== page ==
Audience Resisting Hollywood Climate Change Propaganda

Hollywood climate change propaganda movies are flops at the box office.

Just like their anti-Trump, pro-Hillary propaganda failed, the heavy push of Hollywood climate change propaganda is failing to reach an audience. People simply aren’t interested in made up stories as the basis of their movies if those made up stories are regarded as true by the team pushing the story.

The Washington Times reports, “Hollywood tries to save the Earth, but moviegoers aren’t buying eco-messages anymore.

Climate change got its close-up in 2017. A gaggle of films either name-checked Al Gore’s biggest fear or built their narratives around it.


Yet audiences stayed away from films influenced by eco-concerns. Far, far away.

Think “Blade Runner 2049,” “Geostorm,” “Downsizing,” “An Inconvenient Sequel: Truth to Power” and “mother!” They all flopped, some in spectacular fashion.

Mr. Gore’s sequel to his documentary smash “An Inconvenient Truth” paid the most attention to climate change, of course. The 2006 original scored with audiences and Oscar voters, earning best documentary honors. The sequel snared a fraction of the first film’s tally: $3 million versus $24 million. That’s despite massive media attention, mostly fawning reviews and promotion from eco-conscious stars such as Paul McCartney, Bono and Pharrell Williams.

Documentaries rarely make serious coin at the box office, but the drop was massive.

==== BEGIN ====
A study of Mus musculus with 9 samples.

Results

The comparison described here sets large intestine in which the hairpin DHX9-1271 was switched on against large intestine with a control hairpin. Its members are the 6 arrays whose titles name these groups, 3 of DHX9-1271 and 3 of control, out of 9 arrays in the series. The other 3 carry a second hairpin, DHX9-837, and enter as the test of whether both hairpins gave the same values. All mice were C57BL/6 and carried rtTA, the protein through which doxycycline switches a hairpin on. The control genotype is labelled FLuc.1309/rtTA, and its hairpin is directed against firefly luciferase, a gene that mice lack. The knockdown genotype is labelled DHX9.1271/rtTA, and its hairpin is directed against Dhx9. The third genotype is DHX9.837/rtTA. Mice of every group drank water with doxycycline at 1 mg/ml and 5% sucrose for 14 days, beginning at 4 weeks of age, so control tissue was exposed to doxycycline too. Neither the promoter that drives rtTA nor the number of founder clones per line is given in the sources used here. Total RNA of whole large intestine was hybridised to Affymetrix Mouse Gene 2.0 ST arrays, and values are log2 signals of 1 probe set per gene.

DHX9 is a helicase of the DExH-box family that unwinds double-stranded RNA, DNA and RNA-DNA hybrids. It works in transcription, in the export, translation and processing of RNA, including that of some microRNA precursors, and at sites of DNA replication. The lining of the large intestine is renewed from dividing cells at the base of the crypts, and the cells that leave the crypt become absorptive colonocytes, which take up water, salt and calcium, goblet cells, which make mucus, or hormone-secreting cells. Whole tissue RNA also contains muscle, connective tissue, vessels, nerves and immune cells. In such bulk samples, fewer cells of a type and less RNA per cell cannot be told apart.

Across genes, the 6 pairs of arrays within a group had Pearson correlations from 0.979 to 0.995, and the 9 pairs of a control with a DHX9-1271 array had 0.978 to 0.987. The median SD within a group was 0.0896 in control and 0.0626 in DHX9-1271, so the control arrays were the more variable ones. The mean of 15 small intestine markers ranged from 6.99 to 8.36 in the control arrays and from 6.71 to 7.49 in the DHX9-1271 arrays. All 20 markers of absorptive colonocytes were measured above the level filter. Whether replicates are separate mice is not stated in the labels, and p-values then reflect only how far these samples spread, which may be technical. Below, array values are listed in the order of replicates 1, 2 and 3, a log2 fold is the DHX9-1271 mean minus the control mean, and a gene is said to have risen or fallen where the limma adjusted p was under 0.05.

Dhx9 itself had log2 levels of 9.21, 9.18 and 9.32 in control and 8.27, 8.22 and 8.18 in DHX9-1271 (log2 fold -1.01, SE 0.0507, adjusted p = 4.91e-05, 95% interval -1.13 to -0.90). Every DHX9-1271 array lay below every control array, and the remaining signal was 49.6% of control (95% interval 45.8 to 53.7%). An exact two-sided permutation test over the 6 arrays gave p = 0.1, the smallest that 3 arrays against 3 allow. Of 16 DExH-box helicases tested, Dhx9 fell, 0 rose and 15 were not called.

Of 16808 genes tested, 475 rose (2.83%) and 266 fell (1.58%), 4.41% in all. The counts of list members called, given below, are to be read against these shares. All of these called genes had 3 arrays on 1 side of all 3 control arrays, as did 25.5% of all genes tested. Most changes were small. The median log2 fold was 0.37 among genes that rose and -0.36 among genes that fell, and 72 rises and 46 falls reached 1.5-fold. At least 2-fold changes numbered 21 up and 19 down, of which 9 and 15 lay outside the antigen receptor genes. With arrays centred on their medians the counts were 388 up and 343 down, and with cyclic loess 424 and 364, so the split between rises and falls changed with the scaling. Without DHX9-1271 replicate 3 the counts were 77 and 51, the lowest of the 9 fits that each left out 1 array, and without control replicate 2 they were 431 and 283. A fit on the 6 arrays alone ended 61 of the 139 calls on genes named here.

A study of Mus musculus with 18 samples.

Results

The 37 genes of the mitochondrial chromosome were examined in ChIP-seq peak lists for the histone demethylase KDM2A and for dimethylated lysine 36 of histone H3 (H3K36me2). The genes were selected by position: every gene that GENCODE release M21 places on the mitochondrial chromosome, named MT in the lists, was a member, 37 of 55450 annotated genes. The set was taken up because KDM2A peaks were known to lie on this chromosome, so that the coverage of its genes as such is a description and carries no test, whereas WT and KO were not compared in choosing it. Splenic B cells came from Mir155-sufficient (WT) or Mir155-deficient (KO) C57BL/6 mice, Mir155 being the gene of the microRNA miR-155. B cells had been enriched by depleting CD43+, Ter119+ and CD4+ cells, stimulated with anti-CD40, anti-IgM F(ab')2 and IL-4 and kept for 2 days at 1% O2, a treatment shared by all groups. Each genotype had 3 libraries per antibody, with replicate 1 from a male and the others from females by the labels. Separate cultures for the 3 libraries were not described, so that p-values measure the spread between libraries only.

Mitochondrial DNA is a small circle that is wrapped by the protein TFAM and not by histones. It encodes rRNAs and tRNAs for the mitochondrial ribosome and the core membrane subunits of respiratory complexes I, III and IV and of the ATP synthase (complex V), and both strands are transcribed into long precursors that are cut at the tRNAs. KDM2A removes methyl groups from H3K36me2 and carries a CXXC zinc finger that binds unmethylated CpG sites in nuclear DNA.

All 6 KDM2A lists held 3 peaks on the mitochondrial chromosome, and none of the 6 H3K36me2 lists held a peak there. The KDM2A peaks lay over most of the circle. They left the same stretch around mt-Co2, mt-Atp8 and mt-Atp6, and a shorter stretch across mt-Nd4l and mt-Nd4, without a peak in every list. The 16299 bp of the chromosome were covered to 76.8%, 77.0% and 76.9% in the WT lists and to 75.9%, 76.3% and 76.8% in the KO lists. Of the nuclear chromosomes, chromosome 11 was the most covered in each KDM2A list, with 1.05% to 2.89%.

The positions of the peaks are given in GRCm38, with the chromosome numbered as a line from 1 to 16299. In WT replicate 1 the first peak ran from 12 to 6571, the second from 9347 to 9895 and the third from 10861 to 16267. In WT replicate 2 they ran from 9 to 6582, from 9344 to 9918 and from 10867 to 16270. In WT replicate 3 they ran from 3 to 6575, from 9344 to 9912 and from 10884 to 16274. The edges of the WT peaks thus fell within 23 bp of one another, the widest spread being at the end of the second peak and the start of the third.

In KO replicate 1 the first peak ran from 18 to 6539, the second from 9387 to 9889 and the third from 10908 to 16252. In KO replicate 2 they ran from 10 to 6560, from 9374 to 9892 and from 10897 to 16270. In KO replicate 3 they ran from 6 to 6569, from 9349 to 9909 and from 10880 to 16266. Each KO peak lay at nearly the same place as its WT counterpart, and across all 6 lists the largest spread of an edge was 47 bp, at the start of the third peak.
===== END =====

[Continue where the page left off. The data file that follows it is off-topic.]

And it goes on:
“Geostorm” promised B-movie thrills with a tale of the Earth’s weather run amok. Audiences typically adore disaster films — the cheesier, the better. So what happened? The movie raked in $33 million from a reported $120 million budget.

“Downsizing,” a rare flop from director Alexander Payne (“About Schmidt”), envisioned a future in which people can shrink themselves to the height of a grapefruit. That fueled some cheeky social commentary and a recurring message about the world’s dwindling resources.

Read the entire Washington Times story.

The views expressed in this opinion article are solely those of their author and are not necessarily either shared or endorsed by EagleRising.com


About the author

Joe Scudder

Joe Scudder

Joe Scudder is the "nom de plume" (or "nom de guerre") of a fifty-ish-year-old writer and stroke survivor. He lives in St Louis with his wife and still-at-home children. He has been a freelance writer and occasional political activist since the early nineties. He describes his politics as Tolkienesque.